The lobbyists defending the current Medicare supplement (Medigap) insurance plan design rules have warded off one blow from federal health policymakers after another, but, today, one serious hit is likely to get through.
Melissa Taylor, a lobbyist at Mutual of Omaha, delivered that message today, in Orlando, Fla., during a Medigap conference organized by the American Association for Medicare Supplement Insurance (AAMSI).
The Senate is gearing up to consider H.R. 2, a 262-page bill that could replace Medicare’s current, much-hated, repeatedly postponed “sustainable growth rate” (SGR) physician reimbursement curbs.
The package includes provisions that are supposed to let the traditional Medicare program shift to paying doctors through “value-based” systems that emphasize that quality and efficiency of care, rather than simply paying doctors a fee for each service rendered.
Drafters have tried to pay for spending increases included in the bill by including “offsets,” or measures intended to reduce other types of federal spending.
Federal law requires issuers of Medigap plans to try to help consumers shop for coverage on an apples-to-apples basis by using standardized plans designated by letters. Two of the most popular of the standardized plans are Plan C and Plan F, which pay the deductible for the Medicare Part B physician and outpatient services plan.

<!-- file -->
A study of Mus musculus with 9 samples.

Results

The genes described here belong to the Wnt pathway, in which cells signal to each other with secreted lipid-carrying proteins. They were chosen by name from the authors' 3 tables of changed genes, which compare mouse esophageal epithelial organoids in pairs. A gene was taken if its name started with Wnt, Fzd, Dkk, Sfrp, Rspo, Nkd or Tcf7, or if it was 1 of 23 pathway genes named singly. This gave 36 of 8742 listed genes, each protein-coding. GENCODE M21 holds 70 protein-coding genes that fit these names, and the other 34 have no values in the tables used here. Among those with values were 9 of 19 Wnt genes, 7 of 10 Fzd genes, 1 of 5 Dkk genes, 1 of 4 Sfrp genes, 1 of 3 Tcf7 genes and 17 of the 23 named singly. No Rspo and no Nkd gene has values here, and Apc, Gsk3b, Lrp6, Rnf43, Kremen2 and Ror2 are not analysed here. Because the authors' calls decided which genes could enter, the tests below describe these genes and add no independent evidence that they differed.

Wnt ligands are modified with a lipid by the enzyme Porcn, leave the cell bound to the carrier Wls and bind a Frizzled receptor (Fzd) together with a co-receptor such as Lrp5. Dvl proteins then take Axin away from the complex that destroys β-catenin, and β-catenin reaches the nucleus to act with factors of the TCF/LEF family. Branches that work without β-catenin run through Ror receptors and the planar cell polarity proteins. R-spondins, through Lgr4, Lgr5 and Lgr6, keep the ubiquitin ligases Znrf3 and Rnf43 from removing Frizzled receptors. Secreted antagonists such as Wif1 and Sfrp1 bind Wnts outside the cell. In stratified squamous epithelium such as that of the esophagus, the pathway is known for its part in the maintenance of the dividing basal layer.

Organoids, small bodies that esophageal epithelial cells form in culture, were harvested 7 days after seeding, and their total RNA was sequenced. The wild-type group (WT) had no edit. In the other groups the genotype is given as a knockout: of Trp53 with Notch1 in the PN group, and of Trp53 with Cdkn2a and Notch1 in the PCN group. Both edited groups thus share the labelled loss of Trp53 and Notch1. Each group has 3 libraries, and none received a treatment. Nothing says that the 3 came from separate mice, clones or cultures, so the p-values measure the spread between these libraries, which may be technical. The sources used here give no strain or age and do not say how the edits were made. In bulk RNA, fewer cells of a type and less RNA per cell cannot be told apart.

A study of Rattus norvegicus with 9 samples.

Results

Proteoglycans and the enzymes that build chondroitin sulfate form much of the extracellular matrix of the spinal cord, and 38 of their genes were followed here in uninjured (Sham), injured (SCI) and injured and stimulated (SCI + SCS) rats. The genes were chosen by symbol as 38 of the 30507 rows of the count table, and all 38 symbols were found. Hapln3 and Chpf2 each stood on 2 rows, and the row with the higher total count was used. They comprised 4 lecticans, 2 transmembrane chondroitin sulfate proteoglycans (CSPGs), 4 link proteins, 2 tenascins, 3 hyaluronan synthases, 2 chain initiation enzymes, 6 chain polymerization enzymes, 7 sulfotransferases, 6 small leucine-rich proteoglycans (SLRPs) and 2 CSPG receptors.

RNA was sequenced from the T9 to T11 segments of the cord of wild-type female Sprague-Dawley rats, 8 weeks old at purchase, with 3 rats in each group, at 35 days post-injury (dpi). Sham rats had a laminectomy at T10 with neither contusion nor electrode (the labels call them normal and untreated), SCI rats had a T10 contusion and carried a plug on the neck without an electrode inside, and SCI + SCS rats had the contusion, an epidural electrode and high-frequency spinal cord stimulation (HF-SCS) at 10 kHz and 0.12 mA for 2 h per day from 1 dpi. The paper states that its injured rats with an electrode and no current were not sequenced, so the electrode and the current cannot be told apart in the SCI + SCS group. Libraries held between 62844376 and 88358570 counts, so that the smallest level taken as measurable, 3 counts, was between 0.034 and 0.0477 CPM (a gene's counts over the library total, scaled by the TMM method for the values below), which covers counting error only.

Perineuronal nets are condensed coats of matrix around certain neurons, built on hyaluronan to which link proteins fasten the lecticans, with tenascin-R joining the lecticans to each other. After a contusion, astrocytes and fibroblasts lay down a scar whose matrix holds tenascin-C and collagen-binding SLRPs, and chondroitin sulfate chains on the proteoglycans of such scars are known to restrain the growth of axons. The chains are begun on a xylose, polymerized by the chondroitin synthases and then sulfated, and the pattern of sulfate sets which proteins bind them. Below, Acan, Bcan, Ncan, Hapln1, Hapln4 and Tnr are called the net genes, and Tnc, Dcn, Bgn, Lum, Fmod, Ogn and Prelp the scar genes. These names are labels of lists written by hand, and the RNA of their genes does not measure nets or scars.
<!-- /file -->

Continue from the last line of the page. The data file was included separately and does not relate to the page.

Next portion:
One H.R. 2 spending offset would prohibit Medigap C and F plans from paying the deductible for the Medicare Part B physician and outpatient services plan. This year, the Part B deductible is $147.
The provision would take effect starting in 2020, and it would apply only to consumers newly eligible for Medicare.
Defenders of the C and F Medigap plans argue that they help seniors with tight budgets and poor health do a better job of budgeting for health care costs.
Many health policymakers have long argued that Medigap plans that off “first-dollar coverage,” or near first-dollar coverage, drive up overall spending, by encouraging enrollees to get unnecessary care that leads to use of more unnecessary care. They have been attacking first-dollar Medigap coverage for years.
The new change may not necessarily have a big effect on insurers’ sales, or Medigap product profitability.
But Taylor said the fact that H.R. 2 includes a Medigap design provision to pay for the rest of the bill represents a big change for issuers.